At a time when the government is implementing harsher measures to deal with the country’s worrying drought (click here), the Algarve’s regional director of agriculture has announced that around seven million cubic metres of water are wasted every year in irrigation canals in the Western Algarve.
“We have annual water losses of around five million cubic metres in the Silves, Lagoa and Portimão irrigation perimetre and around two million in Alvor, which is very significant for the period of drought that we are going through,” Pedro Valadas Monteiro told Lusa news agency.
To put the matter into perspective, more water is lost than the amount of water currently stored at the Algarve’s Bravura dam in Lagos – around 5 million cubic metres.
Said the agriculture boss, “a total of €35 million will be invested in insulation and pressurisation work” of the irrigation channels to prevent losses. Around €27 million is being invested in the Silves, Lagoa, and Portimão perimetre, and around €8 million in the Alvor perimetre.
Monteiro revealed that the works on the Silves block are finished, while the works in Lagoa and Falacho are still to be completed.
“In 2023, the start of the modernisation of the Bravura canal is planned in the Alvor irrigation perimeter, the one that is in the worst condition and where work is already underway to line the canal, with the application of insulating netting to cover the cracks over 10 kilometres, between Odiáxere and Vale da Lama,” he said.
There is belief that the works in this last section, which will involve converting the “gravity system to a pressurised one,” will lead to annual water savings of around two million cubic metres, and around five million in Silves.
“The interventions and pressurisation of the system will allow the impacts of drought to be minimised in years with rainfall values below expectations,” said Monteiro.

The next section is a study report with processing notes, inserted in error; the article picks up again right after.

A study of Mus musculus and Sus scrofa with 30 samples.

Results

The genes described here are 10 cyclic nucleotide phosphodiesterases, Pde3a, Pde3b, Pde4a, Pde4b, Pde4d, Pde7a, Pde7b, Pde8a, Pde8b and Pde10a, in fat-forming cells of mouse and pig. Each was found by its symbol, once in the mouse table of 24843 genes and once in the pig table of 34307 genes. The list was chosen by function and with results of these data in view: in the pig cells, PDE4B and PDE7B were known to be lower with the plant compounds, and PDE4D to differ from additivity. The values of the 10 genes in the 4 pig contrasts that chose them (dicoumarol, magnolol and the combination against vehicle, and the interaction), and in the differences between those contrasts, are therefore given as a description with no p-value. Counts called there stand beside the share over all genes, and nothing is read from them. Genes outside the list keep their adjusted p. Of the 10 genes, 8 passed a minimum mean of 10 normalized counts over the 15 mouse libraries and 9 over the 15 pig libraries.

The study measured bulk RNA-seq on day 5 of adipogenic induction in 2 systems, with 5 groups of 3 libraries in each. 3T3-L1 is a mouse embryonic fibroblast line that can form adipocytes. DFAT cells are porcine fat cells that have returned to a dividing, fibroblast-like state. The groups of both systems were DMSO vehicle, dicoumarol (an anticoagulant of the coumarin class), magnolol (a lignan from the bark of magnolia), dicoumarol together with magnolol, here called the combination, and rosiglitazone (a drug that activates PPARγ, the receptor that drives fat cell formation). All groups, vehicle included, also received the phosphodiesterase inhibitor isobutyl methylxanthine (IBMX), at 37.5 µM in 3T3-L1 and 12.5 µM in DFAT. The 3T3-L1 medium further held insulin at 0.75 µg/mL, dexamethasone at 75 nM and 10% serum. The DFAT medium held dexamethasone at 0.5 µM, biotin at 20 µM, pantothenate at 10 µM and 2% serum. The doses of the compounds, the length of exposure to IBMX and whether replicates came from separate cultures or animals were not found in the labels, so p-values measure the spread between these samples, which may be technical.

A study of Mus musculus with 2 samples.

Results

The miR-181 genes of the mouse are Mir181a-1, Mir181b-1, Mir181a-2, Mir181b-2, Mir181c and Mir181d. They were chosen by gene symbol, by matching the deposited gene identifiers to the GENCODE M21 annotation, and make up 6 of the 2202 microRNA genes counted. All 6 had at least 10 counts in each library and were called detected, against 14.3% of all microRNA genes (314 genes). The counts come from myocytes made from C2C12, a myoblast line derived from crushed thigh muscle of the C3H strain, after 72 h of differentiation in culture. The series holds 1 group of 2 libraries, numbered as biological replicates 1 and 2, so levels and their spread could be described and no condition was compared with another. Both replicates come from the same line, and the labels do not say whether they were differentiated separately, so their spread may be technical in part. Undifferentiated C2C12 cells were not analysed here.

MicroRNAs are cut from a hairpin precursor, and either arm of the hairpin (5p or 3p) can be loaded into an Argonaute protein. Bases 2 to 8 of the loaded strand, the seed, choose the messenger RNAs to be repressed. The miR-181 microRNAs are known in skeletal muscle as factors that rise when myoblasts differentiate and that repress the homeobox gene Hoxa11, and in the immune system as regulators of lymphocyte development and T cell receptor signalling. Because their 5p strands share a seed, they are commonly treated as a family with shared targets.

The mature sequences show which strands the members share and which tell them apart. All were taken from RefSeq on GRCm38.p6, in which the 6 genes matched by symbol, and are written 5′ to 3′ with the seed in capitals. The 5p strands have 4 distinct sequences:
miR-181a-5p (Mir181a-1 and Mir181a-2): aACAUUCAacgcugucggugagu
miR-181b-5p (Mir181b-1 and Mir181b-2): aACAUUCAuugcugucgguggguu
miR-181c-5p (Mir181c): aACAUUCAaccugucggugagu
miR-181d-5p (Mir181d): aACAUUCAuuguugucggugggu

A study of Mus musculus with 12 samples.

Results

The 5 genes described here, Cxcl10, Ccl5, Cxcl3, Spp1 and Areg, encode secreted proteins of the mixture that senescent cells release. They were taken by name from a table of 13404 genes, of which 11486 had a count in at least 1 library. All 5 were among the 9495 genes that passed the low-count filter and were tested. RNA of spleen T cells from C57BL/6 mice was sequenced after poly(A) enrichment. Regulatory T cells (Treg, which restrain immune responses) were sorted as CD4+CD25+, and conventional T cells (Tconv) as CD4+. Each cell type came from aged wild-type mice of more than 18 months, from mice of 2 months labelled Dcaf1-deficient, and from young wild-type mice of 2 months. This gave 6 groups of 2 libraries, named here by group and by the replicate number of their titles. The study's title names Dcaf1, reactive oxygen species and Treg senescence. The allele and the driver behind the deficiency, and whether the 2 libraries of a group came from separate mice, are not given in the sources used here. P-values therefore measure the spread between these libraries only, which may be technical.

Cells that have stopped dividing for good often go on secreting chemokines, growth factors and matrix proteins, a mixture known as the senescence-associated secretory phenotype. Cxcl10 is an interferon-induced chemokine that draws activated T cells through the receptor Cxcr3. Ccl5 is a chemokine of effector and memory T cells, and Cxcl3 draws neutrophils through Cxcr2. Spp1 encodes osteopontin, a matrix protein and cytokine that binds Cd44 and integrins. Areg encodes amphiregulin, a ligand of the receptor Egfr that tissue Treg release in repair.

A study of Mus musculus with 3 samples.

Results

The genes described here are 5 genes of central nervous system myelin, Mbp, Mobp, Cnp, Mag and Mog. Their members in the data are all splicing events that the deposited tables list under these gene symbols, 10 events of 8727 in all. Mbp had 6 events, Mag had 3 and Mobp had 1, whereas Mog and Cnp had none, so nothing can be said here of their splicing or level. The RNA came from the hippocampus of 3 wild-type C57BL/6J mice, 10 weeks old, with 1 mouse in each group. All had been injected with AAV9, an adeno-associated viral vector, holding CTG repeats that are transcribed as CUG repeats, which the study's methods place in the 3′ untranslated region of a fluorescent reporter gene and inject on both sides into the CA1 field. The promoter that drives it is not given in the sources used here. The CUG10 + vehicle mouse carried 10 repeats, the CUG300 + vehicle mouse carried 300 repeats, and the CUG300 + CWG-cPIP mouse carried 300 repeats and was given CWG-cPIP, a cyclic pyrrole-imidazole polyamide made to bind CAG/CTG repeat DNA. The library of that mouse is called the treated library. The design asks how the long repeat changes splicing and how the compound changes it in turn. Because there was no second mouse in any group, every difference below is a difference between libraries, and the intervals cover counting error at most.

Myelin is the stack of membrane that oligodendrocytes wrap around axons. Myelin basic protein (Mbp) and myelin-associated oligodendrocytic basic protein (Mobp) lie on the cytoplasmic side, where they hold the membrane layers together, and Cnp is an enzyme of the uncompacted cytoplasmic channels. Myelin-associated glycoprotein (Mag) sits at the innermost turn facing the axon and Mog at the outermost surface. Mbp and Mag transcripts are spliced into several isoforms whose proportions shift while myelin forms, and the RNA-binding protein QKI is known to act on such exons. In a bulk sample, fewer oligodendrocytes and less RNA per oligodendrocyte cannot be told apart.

As Lusa reports, the Bravura dam was built in 1958 and is designed for agricultural irrigation, golf courses, gardens and public supply, covering around 1,800 hectares of farms in the so-called “Alvor hydro-agricultural perimeter.”
It adds that the dam is the reservoir with the smallest volume of water stored in the Western Algarve – around 14% of the 34 million cubic meters of its total capacity.
“The current volume is the lowest of the last 29 years, and can only be compared to the January months of 1983 and 1993 when it had three million cubic metres,” said António Marreiros, president of the Alvor Irrigators and Beneficiaries Association (ARBA) – the entity that manages the water in the Bravura basin.
He told Lusa that in the last agricultural year, which ended in October, around seven million cubic metres of water were taken from Bravura, “but only five million were billed, which represents a waste of around two million.”
“These are the losses that we have to avoid, especially in a year that is going to be dry and extremely difficult for this region, which means that if it doesn’t rain, we may not have water for the next agricultural season,” said Marreiros.
He added that only 2.5 million cubic metres of the water currently at the dam can be used, “as the rest is residual,” and said that the works to modernise the water channels from Bravura, which are 64 years old, “are essential to prevent losses along the 60 kilometres of pipes and to serve farms.”.
According to the Portuguese Institute of the Sea and Atmosphere (IPMA), the Western Algarve is one of the regions most affected by the drought that the country is experiencing.
Data from the National Information System of Water Resources (SNIRH) shows that the basins of the Western Algarve had a water availability of 14.3% at the end of December.